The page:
Bilingual ed moving toward extinction
Our position is: Money for Spanish-speaking students should go to the most effective instruction, which is English immersion.
Bilingual education is on its last legs. A major blow was struck four years ago when California passed a sweeping referendum ordering all-English instruction in the state's public schools. An equally devastating thrust to the vitals was delivered this month when voters in Massachusetts replaced bilingual education with an intensive English-immersion program. Colorado voters did the same.
The two ballot initiatives mandate that public schools teach all classes in English. Teachers may use a student's native language only to help explain a complex question or theory. Together, the proposals signal the impending demise of a faulty educational orthodoxy that has cheated thousands of Hispanic youngsters of a better economic future. The doctrine flies in the face of reason and experience.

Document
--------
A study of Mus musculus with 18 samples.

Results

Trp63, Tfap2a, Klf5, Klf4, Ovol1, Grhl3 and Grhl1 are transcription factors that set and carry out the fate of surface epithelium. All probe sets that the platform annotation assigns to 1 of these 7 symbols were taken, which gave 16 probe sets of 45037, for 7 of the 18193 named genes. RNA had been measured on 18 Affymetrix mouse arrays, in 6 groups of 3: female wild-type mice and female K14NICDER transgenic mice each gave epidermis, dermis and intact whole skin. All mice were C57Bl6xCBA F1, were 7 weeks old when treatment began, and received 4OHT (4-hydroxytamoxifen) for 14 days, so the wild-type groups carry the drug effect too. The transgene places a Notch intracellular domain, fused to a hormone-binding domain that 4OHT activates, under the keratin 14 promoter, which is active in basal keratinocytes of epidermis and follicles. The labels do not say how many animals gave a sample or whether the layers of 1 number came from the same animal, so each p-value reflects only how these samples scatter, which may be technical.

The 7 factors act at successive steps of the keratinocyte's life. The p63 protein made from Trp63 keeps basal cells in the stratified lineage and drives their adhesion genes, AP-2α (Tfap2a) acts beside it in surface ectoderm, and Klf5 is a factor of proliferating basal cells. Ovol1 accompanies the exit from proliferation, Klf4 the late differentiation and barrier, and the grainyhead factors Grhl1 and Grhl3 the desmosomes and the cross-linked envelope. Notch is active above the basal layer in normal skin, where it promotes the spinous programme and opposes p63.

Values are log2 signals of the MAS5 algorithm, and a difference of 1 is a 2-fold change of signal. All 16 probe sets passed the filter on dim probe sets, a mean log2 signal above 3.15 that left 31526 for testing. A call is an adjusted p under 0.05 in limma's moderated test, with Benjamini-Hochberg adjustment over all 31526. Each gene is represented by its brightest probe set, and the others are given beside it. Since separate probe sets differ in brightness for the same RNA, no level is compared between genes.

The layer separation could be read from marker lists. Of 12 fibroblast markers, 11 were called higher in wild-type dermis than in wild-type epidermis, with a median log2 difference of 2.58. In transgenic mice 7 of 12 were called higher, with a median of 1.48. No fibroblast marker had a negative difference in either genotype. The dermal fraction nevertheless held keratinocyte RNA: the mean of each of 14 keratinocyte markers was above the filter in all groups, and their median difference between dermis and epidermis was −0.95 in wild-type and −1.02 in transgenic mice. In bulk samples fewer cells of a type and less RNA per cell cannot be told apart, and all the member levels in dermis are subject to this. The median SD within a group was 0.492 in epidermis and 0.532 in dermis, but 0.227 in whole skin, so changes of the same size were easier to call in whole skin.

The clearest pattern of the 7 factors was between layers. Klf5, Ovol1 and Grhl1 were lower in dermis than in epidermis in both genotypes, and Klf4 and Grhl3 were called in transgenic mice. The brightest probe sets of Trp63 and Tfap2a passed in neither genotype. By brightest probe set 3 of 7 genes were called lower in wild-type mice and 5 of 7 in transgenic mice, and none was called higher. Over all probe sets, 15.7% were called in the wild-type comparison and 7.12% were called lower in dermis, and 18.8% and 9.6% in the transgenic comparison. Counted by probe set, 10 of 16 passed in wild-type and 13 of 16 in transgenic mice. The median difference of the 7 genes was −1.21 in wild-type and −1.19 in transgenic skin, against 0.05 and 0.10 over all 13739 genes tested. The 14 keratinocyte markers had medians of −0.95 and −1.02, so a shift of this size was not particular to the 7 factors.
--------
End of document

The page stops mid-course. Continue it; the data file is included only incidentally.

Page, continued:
For generations, schools expected immigrant children to learn English through need and absorption. Learn it, they did, readily and eagerly because their families understood it was vital to achievement. By contrast, bilingual education has kept Hispanic students needlessly languishing for years in bilingual programs, sometimes even into high school.
Indiana lawmakers have approved only a minimum of bonus aid for the estimated 15,000 Hispanic students in public schools. Superintendent of Public Instruction Suellen Reed unsuccessfully asked the 2001 session of the General Assembly for $24 million to help children who can't speak English. At the time, The Star urged that if such funding were granted, it carry specific restrictions on how it would be spent.
The caveat was in order. Only immersion in English has proved successful. After decades of experimentation, bilingual education is widely discredited. Study after study showed lower student scores, higher dropout rates and a lack of fluency in English. Moreover, Hispanic students who went through bilingual programs have markedly depressed earnings when compared to their Hispanic peers who were educated in English only.
If sense prevails, Massachusetts will be seen as the graveyard of bilingual education.